Triglav is Slovenia’s national symbol and pride, which we carry in our hearts as well as on our flag. Its pyramid-shape summit rises above central Julian Alps and is clearly visible from far and near. As the highest mountain, it has stirred the imagination of explorers, hikers and climbers already in the 18th century, when it was first conquered by four brave men from Bohinj. After that Slovenian and German mountaineering societies practically competed in the number of marked and climbed routes. Nowadays, challenges in its huge north wall are left for the best climbers, and the ascent to the summit is a wish for most Slovenians and an increasing number of tourists as well. But there is no easy way to the top...
It is not perfectly clear where the name 'Triglav' (= Three Heads) came from. No matter from which side you look at it, its shape only has two 'heads', so it is more likely that it got its name after an old Slavic goddess.
Climbers and explorers began to tackle it in the second half of the 18th century, and in 1778 it was conquered successfully by four men from Bohinj: Luka Korošec, Matevž Kos, Štefan Rožič and Lovrenc Willomitzer. In Ribčev Lay near Lake Bohinj you can see a statue in their honor where they are hugged together pointing towards Triglav, which can be seen in the distance. On the opposite side of the mountain, in Dovje village, someone else points to Triglav as well. Here stands a memorial of a priest Jakob Aljaž, a great mountain-lover, who bought the Triglav summit itself (a few square meters) from the Dovje county at the end of the 19th century and built the Aljaž tower, which still stands on the top of Triglav today. The tower used to serve as a shelter, but these days it is a 'baptistery' for everyone who ascend to the top of Slovenia for the first time, and receive 3 symbolic strikes on their bottom for good luck.
The ascend to Triglav is no joke. No matter which starting point you choose, the route will be long and in the upper part very exposed, full of stemples and steel cables. Just below the summit there are 4 mountain huts (Triglavski dom na Kredarici, Dom Valentina Staniča, Dom Planika and Koča na Doliču). Paths that lead up to them from various start points (except from Vrata valley) are mostly technically simple whereas the upper part demands more mountaineering experience and a careful step. Despite the difficulty of the ascent, Triglav is a very popular summit in all seasons. Between June and September there is usually no snow, but during other months complete winter equipment is necessary for the ascent and relevant experience and/or a guide. The toughest climbs are, of course, in the domain of climbers, who seek challenges in its demanding north wall. There are quite a few routes of different difficulties in it. In the company of a guide some of these routes are managable also for 'normal people', but the toughest routes are reserved only for professional alpinists.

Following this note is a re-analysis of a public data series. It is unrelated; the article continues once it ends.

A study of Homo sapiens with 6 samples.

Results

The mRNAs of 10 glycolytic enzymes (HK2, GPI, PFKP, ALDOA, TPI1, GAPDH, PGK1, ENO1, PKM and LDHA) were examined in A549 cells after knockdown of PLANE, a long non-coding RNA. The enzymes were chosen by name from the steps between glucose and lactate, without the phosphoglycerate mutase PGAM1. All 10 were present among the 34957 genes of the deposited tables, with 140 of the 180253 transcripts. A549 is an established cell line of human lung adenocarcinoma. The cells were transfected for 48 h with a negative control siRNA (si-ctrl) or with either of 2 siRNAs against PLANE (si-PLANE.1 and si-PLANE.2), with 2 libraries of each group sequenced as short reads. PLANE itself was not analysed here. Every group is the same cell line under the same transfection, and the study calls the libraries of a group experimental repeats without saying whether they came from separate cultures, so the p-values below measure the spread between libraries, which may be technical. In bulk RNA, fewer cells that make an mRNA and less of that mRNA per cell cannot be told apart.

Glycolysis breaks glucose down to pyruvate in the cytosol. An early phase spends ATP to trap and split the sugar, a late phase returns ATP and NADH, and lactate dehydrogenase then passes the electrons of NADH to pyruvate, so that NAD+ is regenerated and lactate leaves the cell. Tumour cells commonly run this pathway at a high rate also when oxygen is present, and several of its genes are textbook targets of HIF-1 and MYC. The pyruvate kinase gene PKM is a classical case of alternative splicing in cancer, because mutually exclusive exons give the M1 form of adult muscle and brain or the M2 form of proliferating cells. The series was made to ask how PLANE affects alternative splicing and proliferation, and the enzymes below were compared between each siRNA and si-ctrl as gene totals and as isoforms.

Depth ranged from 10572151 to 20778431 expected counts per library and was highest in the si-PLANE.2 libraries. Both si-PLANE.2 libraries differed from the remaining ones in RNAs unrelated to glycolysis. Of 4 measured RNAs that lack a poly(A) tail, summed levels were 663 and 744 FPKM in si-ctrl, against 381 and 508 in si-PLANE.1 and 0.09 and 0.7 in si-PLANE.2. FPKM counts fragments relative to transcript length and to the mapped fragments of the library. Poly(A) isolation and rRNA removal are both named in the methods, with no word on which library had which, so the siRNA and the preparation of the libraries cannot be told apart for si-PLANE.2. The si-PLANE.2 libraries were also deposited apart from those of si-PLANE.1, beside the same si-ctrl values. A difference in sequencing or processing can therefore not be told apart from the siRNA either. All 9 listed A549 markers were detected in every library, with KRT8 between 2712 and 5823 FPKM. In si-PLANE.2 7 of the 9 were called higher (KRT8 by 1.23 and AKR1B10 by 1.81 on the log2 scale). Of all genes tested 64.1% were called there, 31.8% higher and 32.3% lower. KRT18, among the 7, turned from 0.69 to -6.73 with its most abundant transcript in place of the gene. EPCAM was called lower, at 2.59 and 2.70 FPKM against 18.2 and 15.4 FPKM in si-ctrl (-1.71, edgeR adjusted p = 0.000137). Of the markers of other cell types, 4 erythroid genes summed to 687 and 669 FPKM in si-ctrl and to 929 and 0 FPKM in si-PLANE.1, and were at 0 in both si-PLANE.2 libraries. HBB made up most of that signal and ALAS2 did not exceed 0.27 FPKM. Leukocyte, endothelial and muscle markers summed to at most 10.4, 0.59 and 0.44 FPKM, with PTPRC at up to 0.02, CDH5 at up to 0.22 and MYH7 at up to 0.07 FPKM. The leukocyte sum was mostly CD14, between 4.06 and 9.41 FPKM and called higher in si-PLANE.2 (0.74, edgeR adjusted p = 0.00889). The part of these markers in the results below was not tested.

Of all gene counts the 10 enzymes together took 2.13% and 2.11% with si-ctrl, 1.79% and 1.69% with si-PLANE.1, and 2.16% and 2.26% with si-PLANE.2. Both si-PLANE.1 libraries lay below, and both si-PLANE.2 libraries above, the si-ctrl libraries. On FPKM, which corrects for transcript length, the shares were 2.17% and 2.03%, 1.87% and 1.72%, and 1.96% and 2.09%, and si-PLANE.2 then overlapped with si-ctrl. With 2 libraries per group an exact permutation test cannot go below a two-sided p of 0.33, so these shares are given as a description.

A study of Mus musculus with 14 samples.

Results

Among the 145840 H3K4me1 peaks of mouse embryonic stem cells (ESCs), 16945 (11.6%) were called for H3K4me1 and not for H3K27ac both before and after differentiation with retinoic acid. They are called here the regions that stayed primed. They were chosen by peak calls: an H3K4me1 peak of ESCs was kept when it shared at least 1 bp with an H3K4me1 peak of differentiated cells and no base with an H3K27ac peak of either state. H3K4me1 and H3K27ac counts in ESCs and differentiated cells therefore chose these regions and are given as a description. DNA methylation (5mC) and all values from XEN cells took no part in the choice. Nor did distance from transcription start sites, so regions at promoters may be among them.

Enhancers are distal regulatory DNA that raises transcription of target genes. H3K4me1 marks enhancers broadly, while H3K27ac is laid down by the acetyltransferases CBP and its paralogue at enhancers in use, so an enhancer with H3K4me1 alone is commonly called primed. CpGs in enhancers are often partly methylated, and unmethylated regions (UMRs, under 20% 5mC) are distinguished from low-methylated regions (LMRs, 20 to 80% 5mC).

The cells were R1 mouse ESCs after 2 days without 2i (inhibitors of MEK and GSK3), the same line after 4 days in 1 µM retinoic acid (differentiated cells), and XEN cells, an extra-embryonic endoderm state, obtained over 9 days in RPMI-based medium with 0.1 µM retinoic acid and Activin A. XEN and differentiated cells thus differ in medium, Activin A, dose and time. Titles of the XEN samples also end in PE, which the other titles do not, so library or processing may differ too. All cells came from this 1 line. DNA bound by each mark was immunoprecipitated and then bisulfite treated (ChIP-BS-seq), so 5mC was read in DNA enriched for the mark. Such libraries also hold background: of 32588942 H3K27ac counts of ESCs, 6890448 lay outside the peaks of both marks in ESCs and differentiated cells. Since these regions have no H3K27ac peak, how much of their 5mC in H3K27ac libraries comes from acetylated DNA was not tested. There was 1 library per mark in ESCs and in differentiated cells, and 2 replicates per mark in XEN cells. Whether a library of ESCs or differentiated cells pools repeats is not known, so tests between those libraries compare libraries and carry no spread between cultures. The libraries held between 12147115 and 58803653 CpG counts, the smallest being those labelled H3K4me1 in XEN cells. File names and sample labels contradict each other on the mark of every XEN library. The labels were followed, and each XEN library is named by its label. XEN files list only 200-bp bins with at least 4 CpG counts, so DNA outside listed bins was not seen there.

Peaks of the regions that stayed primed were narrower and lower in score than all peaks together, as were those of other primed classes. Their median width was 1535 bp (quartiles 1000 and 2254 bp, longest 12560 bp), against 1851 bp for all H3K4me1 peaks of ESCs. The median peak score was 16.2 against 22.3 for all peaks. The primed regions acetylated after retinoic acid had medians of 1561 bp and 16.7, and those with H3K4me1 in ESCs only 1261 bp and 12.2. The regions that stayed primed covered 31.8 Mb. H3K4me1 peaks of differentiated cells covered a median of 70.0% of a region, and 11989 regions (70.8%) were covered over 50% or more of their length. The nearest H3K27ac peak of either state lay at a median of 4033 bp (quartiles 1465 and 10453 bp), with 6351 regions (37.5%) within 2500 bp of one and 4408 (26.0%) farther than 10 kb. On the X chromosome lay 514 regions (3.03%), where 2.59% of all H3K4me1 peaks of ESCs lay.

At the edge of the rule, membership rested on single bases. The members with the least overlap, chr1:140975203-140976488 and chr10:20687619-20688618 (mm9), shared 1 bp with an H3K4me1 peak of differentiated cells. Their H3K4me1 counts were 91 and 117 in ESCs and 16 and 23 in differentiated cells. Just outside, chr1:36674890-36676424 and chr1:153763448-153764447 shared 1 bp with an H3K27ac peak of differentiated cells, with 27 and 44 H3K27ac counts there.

If mountaineering is not your sport but you would still like to feel the glory of Triglav, drive to Vrata valley. Just a few-minute walk will offer a wonderful view of the magnificent Triglav North wall.
Triglav is the center of the spectacular Triglav National Park, which occupies the area between Bled, Kranjska Gora, Bovec, Kobarid, Tolmin and Bohinj. This fantastic natural treasure offers infinite possibilities for activities in nature and is a major magnet for all seekers of mountain adventures, hidden gorges, crystal clear streams and rivers, vivid waterfalls and tranquil spots in fresh air. Take a look at the park's official website for more information about Triglav National Park.
Note: The duration and difficulty of the trip relate to the ascent to the summit of Triglav.